Today marks the tenth anniversary of the Danziger Bridge shootings. Ronnie Greene’s Shots on the Bridge was released on the same day the 5th U.S. Circuit Court of Appeals reaffirmed an order granting the officers a new trial based on misconduct by prosecutors that judges said tainted the officers’ trial back in 2011. Ten years after the shots on the bridge, the four surviving victims are still waiting for legal resolution. This excerpt from Greene’s book takes us back to that fateful day in 2005 when the officers appeared on the bridge for an unrelated distress call. In Greene’s vivid prose, the scene reads like something out of a movie.
“ONE-O-EIGHT! OFFICER NEEDS ASSISTANCE!”
At the Crystal Palace, rage and fear suddenly mix like a bomb. Over the police radio, the 108 call registers. “Officer’s life in danger! Shots being fired!”
Officers sprint to a behemoth Budget rental truck commandeered after the storm, pile in, and race to the Danziger Bridge, the scene of the reported shooting. They grip police issued Glocks and their own personal weaponry: AK-47s, pump-action shotguns, an M4 high-powered rifle. The truck driver, Michael Hunter, has his thirty-inch assault rifle at the ready. Kenneth Bowen sits beside him in the passenger seat, and nine other officers scramble to the cargo area in back, holding steady as the truck rumbles forth. The back doors swing open, allowing the officers in back to see the hurricane-ravaged buildings they pass, but not what’s ahead. The officers barely speak, the truck’s gears grinding over pavement as it speeds the 3.3 miles separating the Palace from the bridge, busting through intersections where lights don’t work and spinning past Lucky’s Lounge, Jack’s Motel, and Dollar Store.
Steering with his right hand, the ex-marine leans out the window and fires a handgun with his left toward a pack of people he glimpses ahead, gathered at the foot of the bridge. The truck screeches to a halt, sending some in back tumbling over, and officers pour out. They say nothing. One, Anthony Villavaso II, rips nine shots from his AK-47. Pop, pop, pop, pop, pop, pop, pop, pop, pop. Officer Faulcon hits the ground, pumps his shotgun, then fires. He pumps again, then fires. He pumps a third time, and fires. And then a fourth pump, and fire. Police aim for backs, arms, necks, legs, feet, heads, and stomachs of two groups of people now diving over a concrete railing or scattering atop the bridge. One officer aims his pistol at the back of a slight figure sprinting away from the bridge, and pulls the trigger twice. Another points his rifle toward two men trying to race up and over the bridge for cover, and fires. The cacophony is so deafening the truck’s driver has to flap his arms, using a command he learned in the marines. “Cease fire!”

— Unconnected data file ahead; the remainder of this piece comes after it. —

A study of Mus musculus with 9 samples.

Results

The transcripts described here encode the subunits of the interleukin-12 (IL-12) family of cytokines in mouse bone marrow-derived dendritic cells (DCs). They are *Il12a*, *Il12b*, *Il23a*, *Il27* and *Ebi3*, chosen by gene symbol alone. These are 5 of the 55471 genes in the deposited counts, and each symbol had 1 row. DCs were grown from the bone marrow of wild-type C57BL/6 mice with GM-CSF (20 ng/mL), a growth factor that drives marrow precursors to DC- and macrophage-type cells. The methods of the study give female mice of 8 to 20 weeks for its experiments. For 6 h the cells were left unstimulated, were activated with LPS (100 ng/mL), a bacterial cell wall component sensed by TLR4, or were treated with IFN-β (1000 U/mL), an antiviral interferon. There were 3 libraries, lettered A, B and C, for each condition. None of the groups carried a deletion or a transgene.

When the shooting stops, seventeen-year-old James Brissette Jr. is dead, bullets riddling his nearly six-foot, 130-pound body from the heel of his foot to the top of his head. Susan Bartholomew is trying to crawl on the pavement, her right arm dangling by a thread. Her daughter’s stomach is shredded by a bullet. Her husband’s head is pierced by shrapnel. Her nephew Jose is shot in the neck, jaw, stomach, elbow, and hand. A paramedic arriving soon after says not to bother with him; the teen is too far gone. “Don’t give up on me,” Jose Holmes Jr. pleads. Ronald Madison is slumped over the pavement, the back of his white shirt turned red, with seven gunshot wounds in his back. As Madison wheezes his final breaths, federal authorities will later say, Hunter watches former supervisor Bowen storm to Madison, yell, “Is this one of them?” and stomp on his back, leaving a boot print upon the slight figure sprawled in pools of blood.
Like every one of the victims, he is black, and unarmed.
In just moments, before police gather a single piece of evidence or question a single potential witness, with blood and bodies splayed around them, the NOPD officers and brass standing atop the Danziger Bridge will decide that the people they just fired upon, two lying dead and four maimed, are criminals. A well-regarded white police lieutenant, his square jaw the visage of a tough cop, arrives at the bridge moments after the gunfire quells and takes in the scene. Lieutenant Michael Lohman sees no guns by the dead teen and wounded family on one side of the bridge. He sees no gun by the forty-year-old slumped over on the other side of the expanse. The cop’s cop makes a choice. “I knew this was a bullshit story, but I went along with it,” he will later admit. So did his colleagues, the men who shot at the people on the bridge and the supervisors who were supposed to ferret out the truth. In the coming days and months, police will plant a phony gun, invent witnesses, craft fictional reports, and launch a public relations campaign portraying the officers as heroes infused with bravery amid the horrors wrought by a hurricane. Behind the scenes, a racial divide is exposed within the ranks. When a group of white sergeants and lieutenant begin putting their tale on paper, they initially report that only the black officers struck the victims with bullets atop the Danziger Bridge, separating the white officers from the bloodshed. Another fiction.
For a decade the families of the victims will press for truth, pierce the police façade, and uncover the lies buried with their kin. Justice for these families will not come swiftly or kindly after the shots on the bridge.
About the Author
Ronnie Greene is an investigative journalist for the Associated Press who teaches graduate writing at Johns Hopkins University. Before joining AP, he edited a 2014 Pulitzer Prize–winning investigation for the Center for Public Integrity. Greene spent much of his career at the Miami Herald, and he is author of Night Fire: Big Oil, Poison Air, and Margie Richard’s Fight to Save Her Town. Shots on the Bridge is his second book.